Sep 15, 2020 05:40 AM

Trump’s Top China Envoy to Leave Beijing for Campaign Trail

Terry Branstad
Terry Branstad

(Bloomberg) — Top U.S. diplomat to China Terry Branstad is retiring, the American Embassy said Monday after President Donald Trump touted the former Iowa governor’s expected campaign help in a swing state.

The embassy’s statement resolved hours of uncertainty about Branstad’s status after Secretary of State Michael Pompeo thanked the envoy for his service in a series of tweets, without explicitly saying whether he was resigning. Branstad was planning to depart Beijing early next month and return to Iowa, the embassy said.

Chinese Foreign Ministry spokesman Wang Wenbin told a regular news briefing earlier Monday that the government hadn’t yet received formal notification that Branstad was departing.

“Branstad’s departure would be a loss to China-U.S. diplomacy as it would mean one less political heavyweight with a deep understanding of China based here,” said Wang Huiyao, an adviser to China’s cabinet and founder of the Center for China and Globalization. “My impression of Branstad from being at the same events is that he is someone who actively tried to ease China-U.S. tensions. His departure would be a loss to furthering bilateral relations.”

Over the weekend, Trump said Branstad would return to the U.S. while praising the campaign efforts of the ambassador’s son, Eric Branstad.

“Eric’s father’s coming home from China because he wants to campaign,” Trump said in a phone call with supporters of U.S. Senator Joni Ernst, a Republican whose close reelection battle in Iowa could help determine control of the upper house.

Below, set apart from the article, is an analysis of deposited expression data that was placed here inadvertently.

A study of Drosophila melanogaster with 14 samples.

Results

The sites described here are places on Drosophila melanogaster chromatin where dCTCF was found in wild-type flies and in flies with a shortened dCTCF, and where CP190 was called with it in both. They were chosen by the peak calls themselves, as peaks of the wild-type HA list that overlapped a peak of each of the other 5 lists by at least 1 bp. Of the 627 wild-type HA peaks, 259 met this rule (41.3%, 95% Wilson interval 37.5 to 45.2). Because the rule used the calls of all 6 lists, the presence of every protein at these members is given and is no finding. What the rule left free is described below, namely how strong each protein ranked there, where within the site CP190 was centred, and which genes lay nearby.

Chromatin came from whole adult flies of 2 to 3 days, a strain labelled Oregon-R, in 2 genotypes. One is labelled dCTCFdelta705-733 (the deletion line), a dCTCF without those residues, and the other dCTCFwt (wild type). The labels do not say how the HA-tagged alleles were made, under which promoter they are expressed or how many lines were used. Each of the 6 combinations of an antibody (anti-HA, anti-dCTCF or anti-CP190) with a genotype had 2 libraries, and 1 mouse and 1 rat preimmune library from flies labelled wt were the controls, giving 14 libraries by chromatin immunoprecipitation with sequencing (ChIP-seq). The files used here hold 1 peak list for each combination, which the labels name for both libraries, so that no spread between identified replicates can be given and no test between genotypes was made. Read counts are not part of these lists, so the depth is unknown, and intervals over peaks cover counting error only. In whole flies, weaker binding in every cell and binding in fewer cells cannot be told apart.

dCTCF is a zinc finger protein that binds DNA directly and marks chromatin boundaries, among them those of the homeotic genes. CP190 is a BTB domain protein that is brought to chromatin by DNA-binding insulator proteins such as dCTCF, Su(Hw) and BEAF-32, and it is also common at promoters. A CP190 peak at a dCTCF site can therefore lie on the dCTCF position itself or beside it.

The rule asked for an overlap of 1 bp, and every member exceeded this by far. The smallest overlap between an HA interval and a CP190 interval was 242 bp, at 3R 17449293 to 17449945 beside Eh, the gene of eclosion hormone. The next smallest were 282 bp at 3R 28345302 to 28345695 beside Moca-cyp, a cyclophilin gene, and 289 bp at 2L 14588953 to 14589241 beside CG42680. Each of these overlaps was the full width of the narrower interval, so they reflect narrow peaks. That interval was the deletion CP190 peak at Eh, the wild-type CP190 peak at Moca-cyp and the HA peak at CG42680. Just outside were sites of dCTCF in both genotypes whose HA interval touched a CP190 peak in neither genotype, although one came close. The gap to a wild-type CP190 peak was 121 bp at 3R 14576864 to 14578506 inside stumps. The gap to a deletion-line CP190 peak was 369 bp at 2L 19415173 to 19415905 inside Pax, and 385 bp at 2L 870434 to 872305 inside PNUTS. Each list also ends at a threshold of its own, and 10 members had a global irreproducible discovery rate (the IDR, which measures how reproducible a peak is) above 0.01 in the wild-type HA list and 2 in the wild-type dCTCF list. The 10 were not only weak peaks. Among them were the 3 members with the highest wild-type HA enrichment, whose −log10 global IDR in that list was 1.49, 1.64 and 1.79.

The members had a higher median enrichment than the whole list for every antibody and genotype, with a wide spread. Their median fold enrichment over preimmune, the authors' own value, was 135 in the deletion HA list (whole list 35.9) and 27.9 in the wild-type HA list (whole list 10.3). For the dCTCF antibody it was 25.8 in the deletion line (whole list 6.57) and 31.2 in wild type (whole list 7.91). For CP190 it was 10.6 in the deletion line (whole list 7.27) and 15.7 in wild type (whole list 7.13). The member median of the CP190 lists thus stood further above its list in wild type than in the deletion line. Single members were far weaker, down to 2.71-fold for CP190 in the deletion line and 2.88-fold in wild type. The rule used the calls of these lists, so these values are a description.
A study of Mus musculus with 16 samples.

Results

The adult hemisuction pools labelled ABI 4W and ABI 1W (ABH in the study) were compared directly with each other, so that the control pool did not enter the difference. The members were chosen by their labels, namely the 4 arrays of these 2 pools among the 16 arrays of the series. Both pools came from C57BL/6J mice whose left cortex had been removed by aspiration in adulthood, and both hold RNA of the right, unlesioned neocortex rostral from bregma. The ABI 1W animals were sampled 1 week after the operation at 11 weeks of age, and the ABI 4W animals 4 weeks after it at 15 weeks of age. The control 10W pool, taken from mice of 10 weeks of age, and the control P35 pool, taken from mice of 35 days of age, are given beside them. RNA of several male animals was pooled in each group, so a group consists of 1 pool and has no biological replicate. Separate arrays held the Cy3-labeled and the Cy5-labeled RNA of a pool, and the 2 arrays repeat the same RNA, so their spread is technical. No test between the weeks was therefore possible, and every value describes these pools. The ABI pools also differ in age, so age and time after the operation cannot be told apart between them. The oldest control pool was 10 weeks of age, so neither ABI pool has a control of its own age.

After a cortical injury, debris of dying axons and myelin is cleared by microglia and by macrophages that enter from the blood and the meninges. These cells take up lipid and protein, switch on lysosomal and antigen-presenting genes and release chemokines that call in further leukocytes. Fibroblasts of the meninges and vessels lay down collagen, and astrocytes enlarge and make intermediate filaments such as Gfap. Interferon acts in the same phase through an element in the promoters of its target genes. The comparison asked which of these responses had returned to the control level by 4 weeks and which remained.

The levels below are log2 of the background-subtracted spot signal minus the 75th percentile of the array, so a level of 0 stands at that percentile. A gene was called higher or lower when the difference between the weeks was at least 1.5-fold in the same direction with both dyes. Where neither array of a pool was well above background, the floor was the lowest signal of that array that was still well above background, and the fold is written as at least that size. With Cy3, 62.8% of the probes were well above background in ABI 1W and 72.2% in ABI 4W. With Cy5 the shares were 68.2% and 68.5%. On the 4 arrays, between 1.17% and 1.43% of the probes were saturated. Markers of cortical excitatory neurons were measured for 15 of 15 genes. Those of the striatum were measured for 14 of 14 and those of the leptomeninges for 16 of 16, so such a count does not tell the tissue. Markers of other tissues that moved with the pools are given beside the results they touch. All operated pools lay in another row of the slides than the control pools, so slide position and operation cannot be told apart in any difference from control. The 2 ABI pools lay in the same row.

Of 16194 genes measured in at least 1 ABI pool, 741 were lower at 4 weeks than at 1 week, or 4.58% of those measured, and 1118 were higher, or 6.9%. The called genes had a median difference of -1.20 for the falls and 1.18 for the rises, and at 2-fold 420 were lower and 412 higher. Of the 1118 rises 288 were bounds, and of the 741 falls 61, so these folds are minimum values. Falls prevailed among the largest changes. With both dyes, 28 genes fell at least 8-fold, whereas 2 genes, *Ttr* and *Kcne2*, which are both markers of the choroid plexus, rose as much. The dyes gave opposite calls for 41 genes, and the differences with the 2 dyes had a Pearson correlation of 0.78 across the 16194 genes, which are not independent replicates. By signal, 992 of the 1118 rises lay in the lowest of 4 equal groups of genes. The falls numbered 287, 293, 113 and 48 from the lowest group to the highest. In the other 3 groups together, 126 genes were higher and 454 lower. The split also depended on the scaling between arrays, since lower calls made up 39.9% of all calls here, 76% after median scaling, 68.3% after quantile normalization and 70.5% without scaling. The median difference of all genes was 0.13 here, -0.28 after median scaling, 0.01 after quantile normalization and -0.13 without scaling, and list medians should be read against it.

Branstad, a former long-time Iowa governor, was chosen in part because of his familiarity with Chinese President Xi Jinping, who visited the Midwestern U.S. state in 1985. China praised his appointment, hailing Branstad as an “old friend of the Chinese people,” a moniker reserved for a select few statesmen credited with improving Beijing’s ties with the wider world.

Branstad instead has presided over the most contentious period since the two nations established diplomatic relations more than 40 years ago, including tit-for-tat consulate closures and restrictions on diplomats. Last week, China’s Foreign Ministry accused Branstad of participating in an attempt to “trap” China by asking state media to publish an opinion piece containing “lies and malicious smears.”

“Ambassador Branstad has contributed to rebalancing U.S.-China relations so that it is results-oriented, reciprocal, and fair,” Pompeo said in a tweet. “This will have lasting, positive effects on U.S. foreign policy in the Asia-Pacific for decades to come.”

On Friday, China announced new restrictions on American diplomats operating in Hong Kong as well as the mainland in retaliation against recent curbs on China’s diplomatic activities in the U.S.

“It’s very difficult for Branstad to make a difference under current circumstances,” said Tao Wenzhao, a senior researcher in American studies at the government-backed Chinese Academy of Social Sciences. “The Trump administration’s suppression of China is too great. Of course, we hope the channels of communication and interaction remain open even if Branstad leaves.”